Five Films That Should Have Never Been Awarded 'Best Picture of the Year'

Thu Feb 19, 2015 18:16:40PM
http://www.facebook.com/profile.php?id=100003469660327By: Bassam
The Academy Award for Best Picture should go to the film that will stand the test of time. The award should go to a film that will resonate with audiences for decades to come; a film that we can all collectively look back on and say that was truly one of the best films that came out that year. A film worthy of being honored and remembered.

Unfortunately, that is not always the case. And understandably so, as picking the best film of the year is a highly subjective undertaking. An undertaking that is hard for a small group of mostly older white men to always get right. Now to be fair, my feeling is that while they do not always pick the best and most worthy film, it's pretty rare that the Academy selects to honor a bad film. A complete flop that we will all collectively ignore after awards season. Most of the time, if the best doesn't win (again subjective) then in my opinion at least a top 10 or top 5 film gets the nod, and that's not too terrible a thing, all things considered.

But then there are the years where the inexplicable happens. The Academy decides in their infinite wisdom to prop up a film and call it the Best Picture of the year that has zero business being on that pedestal. Many of times, the film shouldn't have even been a nominee to begin with. The reason or rationale.. who knows. Call it politics. Call it making up for past grievances, which again is really politics. Call it being caught up in too much hype and publicity. Whatever the reason, it tends to happen every once and a while. Far too often for my tastes, if I'm being honest.

Here are the worst (or best examples, depending upon how you look at it) of the Academy completely dropping the ball with Best Picture calls over the years.

#1, with a bullet: Shakespeare In Love, 1999.



Does anyone remember this movie? Did anyone even particularly like this movie? I did see it. And it was okay. Not a terrible film. But NOT the kind of movie that we should be honoring as great. If you remember this award's season, then you probably will remember this as the absolute worst call in Oscar's history.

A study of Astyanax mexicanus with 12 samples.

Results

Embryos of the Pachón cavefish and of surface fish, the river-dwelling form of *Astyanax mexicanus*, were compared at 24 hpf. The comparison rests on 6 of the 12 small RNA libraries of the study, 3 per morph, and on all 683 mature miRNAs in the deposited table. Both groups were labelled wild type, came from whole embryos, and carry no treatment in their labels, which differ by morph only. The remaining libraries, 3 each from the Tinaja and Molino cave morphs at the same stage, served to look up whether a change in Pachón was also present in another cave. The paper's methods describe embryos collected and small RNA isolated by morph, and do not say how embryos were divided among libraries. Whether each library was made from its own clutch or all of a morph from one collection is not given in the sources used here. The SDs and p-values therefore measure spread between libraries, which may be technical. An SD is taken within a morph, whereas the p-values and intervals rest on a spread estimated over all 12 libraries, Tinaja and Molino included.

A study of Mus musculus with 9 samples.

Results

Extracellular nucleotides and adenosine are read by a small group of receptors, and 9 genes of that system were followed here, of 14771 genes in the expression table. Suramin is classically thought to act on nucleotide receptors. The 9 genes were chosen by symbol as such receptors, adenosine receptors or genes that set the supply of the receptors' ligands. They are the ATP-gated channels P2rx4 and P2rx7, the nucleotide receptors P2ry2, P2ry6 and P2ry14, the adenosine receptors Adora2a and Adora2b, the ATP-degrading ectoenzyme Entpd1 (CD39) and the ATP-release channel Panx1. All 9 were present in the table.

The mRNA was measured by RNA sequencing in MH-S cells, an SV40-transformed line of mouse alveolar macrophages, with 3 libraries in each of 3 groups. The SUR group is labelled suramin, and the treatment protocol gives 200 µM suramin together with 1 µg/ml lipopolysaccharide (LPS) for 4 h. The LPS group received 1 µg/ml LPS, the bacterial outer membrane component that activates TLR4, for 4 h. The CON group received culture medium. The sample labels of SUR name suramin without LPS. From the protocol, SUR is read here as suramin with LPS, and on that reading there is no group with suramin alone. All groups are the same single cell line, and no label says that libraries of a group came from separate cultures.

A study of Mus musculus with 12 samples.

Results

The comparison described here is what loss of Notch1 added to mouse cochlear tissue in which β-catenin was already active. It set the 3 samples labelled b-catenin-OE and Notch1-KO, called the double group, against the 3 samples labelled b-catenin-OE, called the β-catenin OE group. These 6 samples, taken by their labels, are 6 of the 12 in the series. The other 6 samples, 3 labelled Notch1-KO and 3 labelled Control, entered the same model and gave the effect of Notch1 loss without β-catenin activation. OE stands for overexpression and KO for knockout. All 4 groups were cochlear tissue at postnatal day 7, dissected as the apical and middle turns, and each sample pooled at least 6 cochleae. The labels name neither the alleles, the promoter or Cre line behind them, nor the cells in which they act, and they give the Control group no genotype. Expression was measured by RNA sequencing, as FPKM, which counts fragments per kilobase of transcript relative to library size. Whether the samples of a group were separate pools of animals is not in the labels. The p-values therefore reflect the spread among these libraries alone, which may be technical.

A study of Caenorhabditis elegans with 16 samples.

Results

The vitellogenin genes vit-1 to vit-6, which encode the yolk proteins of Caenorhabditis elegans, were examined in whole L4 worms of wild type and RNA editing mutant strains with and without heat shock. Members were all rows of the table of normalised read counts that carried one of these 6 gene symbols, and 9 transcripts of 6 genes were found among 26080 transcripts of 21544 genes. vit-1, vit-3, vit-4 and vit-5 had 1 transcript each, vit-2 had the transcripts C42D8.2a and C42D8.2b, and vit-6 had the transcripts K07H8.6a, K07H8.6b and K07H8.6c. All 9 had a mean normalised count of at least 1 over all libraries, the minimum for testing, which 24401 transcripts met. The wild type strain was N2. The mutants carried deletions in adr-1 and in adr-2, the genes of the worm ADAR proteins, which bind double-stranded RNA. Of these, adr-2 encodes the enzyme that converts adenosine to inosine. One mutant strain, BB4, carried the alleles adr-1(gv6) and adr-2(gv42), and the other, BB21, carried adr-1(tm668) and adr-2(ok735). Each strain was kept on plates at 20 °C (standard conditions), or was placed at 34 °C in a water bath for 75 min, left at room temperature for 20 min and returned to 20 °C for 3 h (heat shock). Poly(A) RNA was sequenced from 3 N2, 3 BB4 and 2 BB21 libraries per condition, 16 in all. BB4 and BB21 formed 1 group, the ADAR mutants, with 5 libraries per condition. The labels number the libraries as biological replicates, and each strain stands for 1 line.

Reason being, consider the other nominees:

Elizabeth
Life Is Beautiful
Saving Private Ryan
The Thin Red Line


Can you honestly tell me that Shakespeare In Love is the best movie of those 6? Now try that again, with a straight face? My guess is you cannot. Saving Private Ryan should have won. It stands the test of time, as perhaps the greatest war movie ever made. Subjective, for sure. But consensus still rings true over a decade later. I would have rather seen Life is Beautiful win as well. Now that was another great movie that I remember still as being worthy.

#2, the super boring: The English Patient, 1997.



Can anyone watch this film, without falling asleep at least once? Give it a cinematography and a few acting nods and call it a day. Sure, maybe even nominate it for Best Pic out of the kindness of your heart. I mean, it did at least try to be epic, and sort of succeeded at times. But don't let it win! I hated this pick. Especially with the likes of:

Fargo
Jerry Maguire
Secrets & Lies
Shine


Sans Secrets & Lies, any of those other 3 should have won over The English Patient, easy. My vote would be for Fargo or Jerry Maguire. A romantic dramedy can win every once in a while, and should right? But really, Fargo was tops that year.

#3, the perfectly adequate: Argo, 2013.



Fine film. No real complaints. Saw it in the theaters and didn't feel gypped at all. But Best Picture? Why? What did everyone see and feel during this movie that I did not? I still don't understand. Even some of my friends were happy with it winning, and I just don't get it. Not when you also had:

Amour
Beasts of the Southern Wild
Django Unchained
Les Miserables
Life of Pi
Lincoln
Silver Linings Playbook
Zero Dark Thirty


Honestly, I thought every single one of those above films were better suited to win over Argo. All of them. Particularly Django, Zero Dark and Beasts.

#4, the year The Pianist lost: Chicago, 2003.



There was no better film in 2003, at least out of the nominee list than The Pianist. Hard to find another person that has seen both that would disagree either. If that person is you, please in the comment section below, explain yourself. Also, Gangs of New York was better too. (the other two that year: Lord of the Rings: The Two Towers & The Hours.)

#5, the film hardly anyone saw then or since: Out of Africa, 1986.



In a year where the Academy nominated The Color Purple, Kiss of the Spider Woman, Prizzi's Honor, and The Witness, it was really a down year for the Oscar's nominating crew. And perhaps a down year for Hollywood and film as well. Oh wait, no it wasn't. You also had: Back to the Future, The Breakfast Club, Cocoon, The Goonies, Rocky 4... you're telling me you would have rather had Out of Africa win than almost any of these others?

Wouldn't it be a much more telling cultural story if Back to the Future had won? I think so. Either way, of the nominees, The Color Purple was clearly the pick that the Academy lost out on. A fantastic film that, like I've said a few times now at litmus, stands the test of time.


Every year, there are films that don't even get nominated, that I honestly think would be a better measuring stick for what culture deems as the Best Picture of the year. But even with the picks they do trump up, these to me are the 5 of the modern era that the Academy completely got wrong. At least they did honor The Gladiator and The Departed... they are not always wrong, and that's what keeps me watching.